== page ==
Skyline Elementary School is going beyond just talking to students about bullying with hands-on art projects to leave a more lasting impression.
For the second year in a row, school counselor Nancy Afflerbach and art teacher Liz Beemer have worked in conjunction on the anti-bullying program. All students attend an art class that combines the subject and a project.
"The lesson that I teach is how to identify different types of bullying, what you can do if you witness or experience bullying and how your classmates can help prevent it," Afflerbach said, adding that class discussions follow after.
Skyline Elementary art teacher Liz Beemer and school counselor Nancy Afflerbach have worked together on an anti-bullying, hands-on art program.
"It's a forum in which kids are more comfortable, plus we don't have to interrupt the regular curriculum," she said.
Afflerbach explained that she is mandated to cover the material with the estimated 850 students at the school - kindergarten to fifth grade. Before the current partnership, she had to schedule time to visit each classroom.
Afflerbach said that is about 50 classes, with 30 to 40 minutes in each.
"Since the time is already set aside for art class, it just works beautifully," she said.
Last year's project involved index cards and the material.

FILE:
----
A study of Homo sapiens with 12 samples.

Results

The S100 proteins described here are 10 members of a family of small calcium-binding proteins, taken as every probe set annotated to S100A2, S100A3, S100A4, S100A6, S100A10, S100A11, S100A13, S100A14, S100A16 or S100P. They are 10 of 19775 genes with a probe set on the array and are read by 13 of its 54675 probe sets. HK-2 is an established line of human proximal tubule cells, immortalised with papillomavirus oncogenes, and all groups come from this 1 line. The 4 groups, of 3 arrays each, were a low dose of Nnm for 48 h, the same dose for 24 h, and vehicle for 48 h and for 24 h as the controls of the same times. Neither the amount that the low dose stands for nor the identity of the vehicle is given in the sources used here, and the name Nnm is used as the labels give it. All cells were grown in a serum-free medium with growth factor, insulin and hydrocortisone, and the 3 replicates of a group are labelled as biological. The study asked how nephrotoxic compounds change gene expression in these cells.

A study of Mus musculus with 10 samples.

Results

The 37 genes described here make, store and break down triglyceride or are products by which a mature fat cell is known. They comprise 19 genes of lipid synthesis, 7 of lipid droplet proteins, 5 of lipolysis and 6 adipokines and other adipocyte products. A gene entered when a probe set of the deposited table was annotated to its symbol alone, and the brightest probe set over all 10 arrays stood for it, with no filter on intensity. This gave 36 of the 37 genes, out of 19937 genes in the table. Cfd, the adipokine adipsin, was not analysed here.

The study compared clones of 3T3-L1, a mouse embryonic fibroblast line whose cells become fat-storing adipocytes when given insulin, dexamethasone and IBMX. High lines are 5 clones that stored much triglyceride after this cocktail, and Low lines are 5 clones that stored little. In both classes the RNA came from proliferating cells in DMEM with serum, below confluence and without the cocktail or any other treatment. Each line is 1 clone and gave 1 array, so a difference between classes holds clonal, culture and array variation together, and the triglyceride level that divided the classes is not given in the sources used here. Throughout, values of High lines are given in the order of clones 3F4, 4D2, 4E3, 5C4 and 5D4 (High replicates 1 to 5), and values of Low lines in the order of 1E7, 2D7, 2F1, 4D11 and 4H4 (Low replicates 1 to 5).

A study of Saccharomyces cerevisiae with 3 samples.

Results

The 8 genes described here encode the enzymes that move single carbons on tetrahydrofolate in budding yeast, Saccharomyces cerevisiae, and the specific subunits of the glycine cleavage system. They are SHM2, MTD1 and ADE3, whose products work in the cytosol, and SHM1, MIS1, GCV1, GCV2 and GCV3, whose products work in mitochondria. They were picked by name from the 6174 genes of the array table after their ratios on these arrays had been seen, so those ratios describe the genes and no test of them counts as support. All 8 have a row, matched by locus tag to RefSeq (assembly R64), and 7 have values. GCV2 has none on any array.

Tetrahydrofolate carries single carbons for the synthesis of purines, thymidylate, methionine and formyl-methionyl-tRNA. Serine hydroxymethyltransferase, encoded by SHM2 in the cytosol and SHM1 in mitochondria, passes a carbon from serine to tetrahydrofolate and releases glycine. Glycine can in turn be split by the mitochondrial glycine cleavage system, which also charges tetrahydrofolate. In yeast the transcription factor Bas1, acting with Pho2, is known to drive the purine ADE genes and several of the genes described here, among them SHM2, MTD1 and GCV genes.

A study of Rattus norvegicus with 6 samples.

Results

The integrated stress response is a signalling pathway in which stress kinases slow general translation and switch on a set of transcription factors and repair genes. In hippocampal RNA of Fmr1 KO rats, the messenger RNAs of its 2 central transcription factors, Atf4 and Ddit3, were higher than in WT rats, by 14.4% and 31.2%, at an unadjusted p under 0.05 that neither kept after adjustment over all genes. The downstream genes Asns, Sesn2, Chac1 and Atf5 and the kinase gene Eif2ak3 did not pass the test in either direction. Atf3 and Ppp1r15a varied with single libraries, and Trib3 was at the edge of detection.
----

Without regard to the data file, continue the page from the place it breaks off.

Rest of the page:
"This year, we thought we needed something a little more dynamic," Afflerbach said.
The students each made a pledge not to bully others, to stand up against bullying and to promote kindness. Each were given a pre-cut hand to decorate and sign as a reminder of their pledge, which were used to create a mural.
"For every grade level, we did the hands," she said.
"That was the idea of how we would take the program to a new level," Afflerbach said. "Our idea was to reach every single student in the school."
The mural of hands is currently hanging in the cafeteria.
"Having it in the cafeteria serves as a reminder that we will not tolerate bullying in the school," she said.
According to Afflerbach, the hands-on projects enable the students to have a physical connection to the information that they are learning about.
"I think it has more impact," she said. "I think it sinks in better. I think they feel more a part of the lesson."
Both educators see the school's anti-bullying program continuing.
"This is more than a one-time shot. We're going to be continuing this," Afflerbach said.
"We need to let kids know that bullying is continuous."
She explained that a key component is teaching students the difference between tattling on someone - in essence, trying to get someone in trouble - as compared to reporting bullying, which comes from wanting to help.
When students are able to identify bullying and learn that it needs to be reported, they are more comfortable talking to an adult. Afflerbach said this helps to prevent bullying, opens discussion and permits conflict resolution.